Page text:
On this day 20 years ago, Denmark and Sweden inaugurated the Oresund Bridge (Danish: Øresundsbroen, Swedish: Öresundsbron). The bridge is almost 8 km (about 5 miles) long and, together with a 4 km (2.5 mile) long tunnel and a large, 1.3 km square man-made island, connects the Copenhagen region of Denmark with the Malmö region of Sweden. A contract (available in Prop. 1990/91:158 at 27) was signed between the two countries in 1991, and in 1995 the building began. Globally it may be most famously known from the TV-series the Bridge (Broen), where cross-border and cross-jurisdictional issues were presented by a woman found dead on the middle of the bridge.
History of the Oresund Region
The Bridge connects the two countries across the seemingly natural land barrier of Oresund strait. Here, private boats once carried Jews from occupied Denmark to neutral Sweden during World War II. But the history of the strait goes back even further. The battle for the strait was hard-won. In fact, Swedish Skåne (also known as Scania) was part of Denmark until 1658, when it became part of Sweden as part of the Treaty of Roskilde.
For hundreds of years the strait was also heavily taxed, in the form of a “Sound Fee” or “Sound Toll” (Øresundstolden). The Danish King Erik of Pomernia initiated the tolls in the 1400s. In fact, the creation of Göta Canal was in part envisioned because of the strait. By connecting the port of Gothenburg with the port of Stockholm via a domestic canal, the Swedes could avoid the tolls paid to the Danes for passing through the Danish controlled strait. The Sound Fees were abolished in 1857, but the old documents have been preserved in a digital format in The Soundtoll Registers Online, which includes a list of products in different languages.
The Oresund Area Today
Today, the strait is still associated with fees or road tolls paid to finance the building of the bridge and its maintenance. But the tolls are not as hefty and have not hampered transportation. Products move freely between the two countries, and, until recently, the only official controls conducted at the bridge were done to ensure that Swedes were not bringing in too a great quantity of alcohol from (lower taxed) Denmark. However, differences in alcohol tax are not the only difference in policy on the two sides of the strait. In 2015, Denmark and Sweden took sharply different approaches to the refugee crisis, resulting in the imposition of Swedish ID-controls at the border.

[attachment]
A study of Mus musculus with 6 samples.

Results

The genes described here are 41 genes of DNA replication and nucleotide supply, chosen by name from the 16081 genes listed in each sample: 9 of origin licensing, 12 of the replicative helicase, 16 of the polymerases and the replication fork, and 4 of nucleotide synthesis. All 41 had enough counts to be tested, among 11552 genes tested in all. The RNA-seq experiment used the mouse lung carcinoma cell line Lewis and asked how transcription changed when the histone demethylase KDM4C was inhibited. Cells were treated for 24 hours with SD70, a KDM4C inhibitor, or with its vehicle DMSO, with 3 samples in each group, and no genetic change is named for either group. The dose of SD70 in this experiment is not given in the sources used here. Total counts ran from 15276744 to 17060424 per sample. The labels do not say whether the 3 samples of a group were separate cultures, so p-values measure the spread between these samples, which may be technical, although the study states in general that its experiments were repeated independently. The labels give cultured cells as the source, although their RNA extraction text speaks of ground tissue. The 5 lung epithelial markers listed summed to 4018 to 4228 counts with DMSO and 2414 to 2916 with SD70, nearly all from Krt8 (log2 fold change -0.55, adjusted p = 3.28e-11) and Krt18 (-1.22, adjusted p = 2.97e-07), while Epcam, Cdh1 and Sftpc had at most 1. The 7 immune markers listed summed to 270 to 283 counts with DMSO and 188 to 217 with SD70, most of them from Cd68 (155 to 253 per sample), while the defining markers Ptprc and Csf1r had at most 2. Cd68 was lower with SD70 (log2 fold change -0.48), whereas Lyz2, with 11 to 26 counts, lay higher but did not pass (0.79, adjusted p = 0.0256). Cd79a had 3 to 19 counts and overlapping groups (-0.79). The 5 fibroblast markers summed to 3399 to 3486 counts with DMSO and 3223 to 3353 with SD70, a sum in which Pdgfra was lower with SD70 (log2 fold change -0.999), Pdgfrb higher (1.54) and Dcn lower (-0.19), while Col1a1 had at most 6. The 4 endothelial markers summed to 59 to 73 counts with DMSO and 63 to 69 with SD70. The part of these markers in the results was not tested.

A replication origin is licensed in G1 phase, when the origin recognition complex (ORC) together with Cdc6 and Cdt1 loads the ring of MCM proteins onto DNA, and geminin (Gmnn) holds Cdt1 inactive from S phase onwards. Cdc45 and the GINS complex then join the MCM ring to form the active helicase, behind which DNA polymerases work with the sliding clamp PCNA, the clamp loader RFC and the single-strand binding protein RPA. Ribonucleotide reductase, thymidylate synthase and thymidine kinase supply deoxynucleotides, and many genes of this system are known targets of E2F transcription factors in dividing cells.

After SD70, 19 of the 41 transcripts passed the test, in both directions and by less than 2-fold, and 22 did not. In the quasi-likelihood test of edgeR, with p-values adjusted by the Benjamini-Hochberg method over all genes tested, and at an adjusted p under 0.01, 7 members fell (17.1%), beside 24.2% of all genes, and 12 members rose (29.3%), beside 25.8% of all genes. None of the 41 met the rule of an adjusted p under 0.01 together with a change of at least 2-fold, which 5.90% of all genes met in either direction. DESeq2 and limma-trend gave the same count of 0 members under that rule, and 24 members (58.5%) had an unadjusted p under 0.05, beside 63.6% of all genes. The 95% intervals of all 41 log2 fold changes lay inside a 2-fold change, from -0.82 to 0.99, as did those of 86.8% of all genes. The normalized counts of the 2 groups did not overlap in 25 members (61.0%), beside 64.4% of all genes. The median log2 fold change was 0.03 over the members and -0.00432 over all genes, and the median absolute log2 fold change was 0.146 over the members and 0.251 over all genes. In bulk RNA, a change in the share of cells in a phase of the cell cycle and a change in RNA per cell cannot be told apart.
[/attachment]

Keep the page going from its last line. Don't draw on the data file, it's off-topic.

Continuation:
On a normal day thousands of people cross the bridge, which takes 10 minutes by car or 30 minutes by train. But these are not normal times, and the Swedes and Danes are divided once more, this time in their response to COVID-19. Denmark was quick to close its borders to contain the spread of COVID-19. The Swedish borders meanwhile remained open to all European Union (EU) member (and Schengen) states. Reports have claimed that some EU citizens have headed there to have their hair done. When Denmark opened its borders, it originally did not welcome Swedes, then it made exceptions for Swedes from southern Sweden (Skåne, Halland, and Blekinge). As of today, July 1, 2020, Swedes coming to Denmark from southern Sweden as tourists must show a certificate of a negative COVID-19 test .
Even without the pandemic to account for, both Denmark and Sweden, at present, still maintain border controls between their two countries unrelated to COVID-19. Although the Schengen Area allows border-free travel, Sweden and Denmark have used its exceptions to maintain border controls across their respective borders. Sweden cites terrorist threats and shortcomings at the external border, and Denmark cites terrorist threats and organized criminality in Sweden.
In a few weeks, the Oresund region has another milestone to celebrate. It will be 110 years since Robert Svendsen, on July 17, 1910, was the first person to cross the Oresund strait in an airplane.